UP World Expert Lecture Series: Karel Švadlenka, Ph.D., Seunggyu Lee, Ph.D., John Sebastian Simon, Ph.D. and Rhudaina Mohammad, Ph.D.
You are all invited to attend the UP World Expert Lecture Series hosted by the Institute of Mathematics on Friday, November 24, 2023, 1:30 – 5:20 PM. This is an in-person event and it will be held at MBAN AVR1. More information can be found here.
Karel Švadlenka, Ph.D. (Tokyo Metropolitan University, Japan)
Title: Thresholding schemes and their applications
Abstract: In this talk, I will first briefly introduce a convenient method to approximate interface evolution, called thresholding method or diffusion-generated motion or the BMO algorithm. Then I explain its mathematical background rooted in the notion of minimizing movements, which in turn allows for extension of the idea to more complicated problems, such as motion of interfacial networks with differing surface tensions or orientation-dependent evolutions. In the end, I will show two interesting applications to two rather complex phenomena: cellular patterning during morphogenesis of epithelia in sensory organs and evolution of anisotropic particles on substrate.
Seunggyu Lee, Ph.D. (Division of Applied Mathematical Sciences, Korea University, South Korea)
Title: Application of interface problem for computer graphics
Abstract: The interface problem is widely applied to various fields not only in mathematics but also science, engineering, and other related topics. In this lecture, we briefly understand how to derive the basic equations of the motion under the physical point of view with visualization by executing the MATLAB (or Octave) code in a step-by-step manner with simple examples: the advection and diffusion equations, which are one of the most simple but powerful equations describing dynamic motions, are coupled with the interface representing methods.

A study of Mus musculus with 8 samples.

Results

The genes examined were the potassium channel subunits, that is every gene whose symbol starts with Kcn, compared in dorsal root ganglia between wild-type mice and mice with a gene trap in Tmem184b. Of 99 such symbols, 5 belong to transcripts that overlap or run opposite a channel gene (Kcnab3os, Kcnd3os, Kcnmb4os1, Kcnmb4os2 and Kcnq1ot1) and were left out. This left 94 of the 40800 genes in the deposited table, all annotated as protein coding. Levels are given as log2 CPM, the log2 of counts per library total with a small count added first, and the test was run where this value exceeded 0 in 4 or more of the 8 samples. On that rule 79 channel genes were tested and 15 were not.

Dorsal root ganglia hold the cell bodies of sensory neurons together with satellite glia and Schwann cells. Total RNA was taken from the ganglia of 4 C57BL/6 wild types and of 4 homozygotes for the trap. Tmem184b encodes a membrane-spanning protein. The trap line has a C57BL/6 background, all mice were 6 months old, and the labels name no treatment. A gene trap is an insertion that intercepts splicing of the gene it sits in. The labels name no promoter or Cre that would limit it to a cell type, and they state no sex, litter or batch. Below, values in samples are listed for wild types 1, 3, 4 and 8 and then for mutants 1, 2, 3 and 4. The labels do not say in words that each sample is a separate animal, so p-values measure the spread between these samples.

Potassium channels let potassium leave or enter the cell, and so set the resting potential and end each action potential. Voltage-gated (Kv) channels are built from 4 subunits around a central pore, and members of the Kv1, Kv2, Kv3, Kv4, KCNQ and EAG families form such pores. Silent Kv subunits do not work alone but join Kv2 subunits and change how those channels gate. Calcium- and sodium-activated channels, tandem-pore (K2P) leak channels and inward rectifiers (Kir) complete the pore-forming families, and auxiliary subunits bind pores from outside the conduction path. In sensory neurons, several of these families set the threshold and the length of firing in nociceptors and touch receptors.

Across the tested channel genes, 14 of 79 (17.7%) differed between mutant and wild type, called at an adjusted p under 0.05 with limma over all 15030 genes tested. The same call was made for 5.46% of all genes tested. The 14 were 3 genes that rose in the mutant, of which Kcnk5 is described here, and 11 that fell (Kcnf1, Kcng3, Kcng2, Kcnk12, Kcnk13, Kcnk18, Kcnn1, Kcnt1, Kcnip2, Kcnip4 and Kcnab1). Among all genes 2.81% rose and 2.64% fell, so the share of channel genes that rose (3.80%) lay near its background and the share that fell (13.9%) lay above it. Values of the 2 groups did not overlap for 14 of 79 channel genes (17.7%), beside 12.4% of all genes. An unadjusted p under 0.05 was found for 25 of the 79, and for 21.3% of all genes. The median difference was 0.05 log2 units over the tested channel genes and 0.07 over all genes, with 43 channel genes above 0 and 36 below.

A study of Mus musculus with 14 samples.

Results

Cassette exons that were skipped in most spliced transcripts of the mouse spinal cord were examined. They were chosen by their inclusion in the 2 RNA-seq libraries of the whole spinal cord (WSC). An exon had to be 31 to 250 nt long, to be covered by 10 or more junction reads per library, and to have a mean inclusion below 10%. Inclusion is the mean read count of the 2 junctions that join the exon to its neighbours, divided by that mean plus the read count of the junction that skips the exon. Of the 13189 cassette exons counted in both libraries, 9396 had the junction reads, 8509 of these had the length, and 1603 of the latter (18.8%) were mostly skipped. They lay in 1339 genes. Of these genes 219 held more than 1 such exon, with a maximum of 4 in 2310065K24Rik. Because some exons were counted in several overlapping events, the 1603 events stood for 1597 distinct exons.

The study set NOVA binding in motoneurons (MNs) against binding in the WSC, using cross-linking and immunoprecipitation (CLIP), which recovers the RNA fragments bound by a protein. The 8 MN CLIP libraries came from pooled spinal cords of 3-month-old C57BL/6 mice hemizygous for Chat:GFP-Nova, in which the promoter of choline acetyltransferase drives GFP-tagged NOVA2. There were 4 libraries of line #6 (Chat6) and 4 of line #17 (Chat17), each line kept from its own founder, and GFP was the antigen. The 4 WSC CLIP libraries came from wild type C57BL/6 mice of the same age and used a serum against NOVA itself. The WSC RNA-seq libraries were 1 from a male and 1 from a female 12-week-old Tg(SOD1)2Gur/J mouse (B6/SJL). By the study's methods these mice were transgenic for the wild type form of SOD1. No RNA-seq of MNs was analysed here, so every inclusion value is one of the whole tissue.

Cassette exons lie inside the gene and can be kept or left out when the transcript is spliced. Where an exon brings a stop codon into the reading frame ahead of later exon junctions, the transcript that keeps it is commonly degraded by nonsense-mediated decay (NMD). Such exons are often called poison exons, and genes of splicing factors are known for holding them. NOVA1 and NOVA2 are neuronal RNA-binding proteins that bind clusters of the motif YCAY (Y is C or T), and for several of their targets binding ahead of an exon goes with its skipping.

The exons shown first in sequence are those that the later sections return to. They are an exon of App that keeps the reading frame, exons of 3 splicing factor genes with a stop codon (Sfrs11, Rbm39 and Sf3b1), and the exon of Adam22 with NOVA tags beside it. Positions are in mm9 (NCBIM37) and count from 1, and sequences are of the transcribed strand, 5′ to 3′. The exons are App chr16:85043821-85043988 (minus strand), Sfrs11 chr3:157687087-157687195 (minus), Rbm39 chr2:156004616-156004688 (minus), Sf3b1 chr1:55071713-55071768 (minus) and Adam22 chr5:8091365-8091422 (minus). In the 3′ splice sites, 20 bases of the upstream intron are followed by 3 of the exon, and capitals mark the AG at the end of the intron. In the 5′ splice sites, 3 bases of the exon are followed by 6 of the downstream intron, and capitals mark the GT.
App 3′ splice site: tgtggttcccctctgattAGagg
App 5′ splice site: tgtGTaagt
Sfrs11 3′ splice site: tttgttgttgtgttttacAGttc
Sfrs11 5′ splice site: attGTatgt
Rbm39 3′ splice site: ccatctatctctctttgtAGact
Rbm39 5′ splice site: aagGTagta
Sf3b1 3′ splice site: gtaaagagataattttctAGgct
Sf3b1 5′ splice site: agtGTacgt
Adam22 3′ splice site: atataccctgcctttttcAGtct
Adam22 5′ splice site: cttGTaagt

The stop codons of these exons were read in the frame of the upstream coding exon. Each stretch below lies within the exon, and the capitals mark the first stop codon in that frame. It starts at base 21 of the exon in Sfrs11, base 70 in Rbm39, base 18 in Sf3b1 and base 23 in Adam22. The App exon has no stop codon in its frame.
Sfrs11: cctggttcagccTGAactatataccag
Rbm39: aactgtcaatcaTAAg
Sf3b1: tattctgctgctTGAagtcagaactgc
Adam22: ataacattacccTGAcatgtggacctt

John Sebastian Simon, Ph.D. (Czech Academy of Sciences, Czech Republic)
Title: Turnpike property for a shape optimization problem involving Navier-Stokes equations
Abstract: In 1994, J. Huan and V. Modi postulated that solutions of shape design problems for the time-dependent incompressible Navier–Stokes equations can be approximated by the solution of the same problem, but involves the stationary equations. The authors backed this theory by explaining that the time derivative vanishes when numerically solving the Navier–Stokes equations. Perhaps, this is also the reason why most shape optimization problems dealing with fluids are posed with the stationary equations. However, as far as we are aware, there is no rigorous proof establishing such conjecture. In this talk, we provide such proof by employing basic functional analysis tools. We will prove a relaxed version of the turnpike property, i.e., we show that the solutions of the time-dependent shape optimization problem behave asymptotically towards the solution of the stationary problem. The convergence of domains is based on the L∞-topology of their corresponding characteristic functions which is closed under the set of domains satisfying the cone property. Lastly, a numerical example is provided to show the occurrence of such convergence.
Rhudaina Mohammad, Ph.D. (Institute of Mathematics, University of the Philippines Diliman)
Title: An Implicit Boundary Variation Method for Two-phase Serrin-type Problems
Abstract: A classical result by Serrin asserts that if the Poisson equation subject to both Dirichlet and Neumann boundary conditions, under certain regularity, admits a solution, then the domain must be a ball. Considering a two-phase Serrin-type overdetermined problem with respect to an operator in divergence form with piecewise constant coefficients, Cavallina and Yachimura showed that if the core is sufficiently close to a ball, then the domain must also be sufficiently close to a ball. Such problems appear as shape optimization of coated materials and optimal design of bi-material structures. In this work, we develop a numerical method based on the Osher-Sethian level set formulation of the (explicit) boundary variation algorithm for shape optimization. We employed a descent method using the shape gradient of a Kohn-Vogelius functional while imposing volume constraint by a quadratic penalty method. The implicit nature of this method eliminates the need for ad hoc algorithms to handle mesh-related issues. Finally, we present some numerical examples of one-phase and two-phase problems.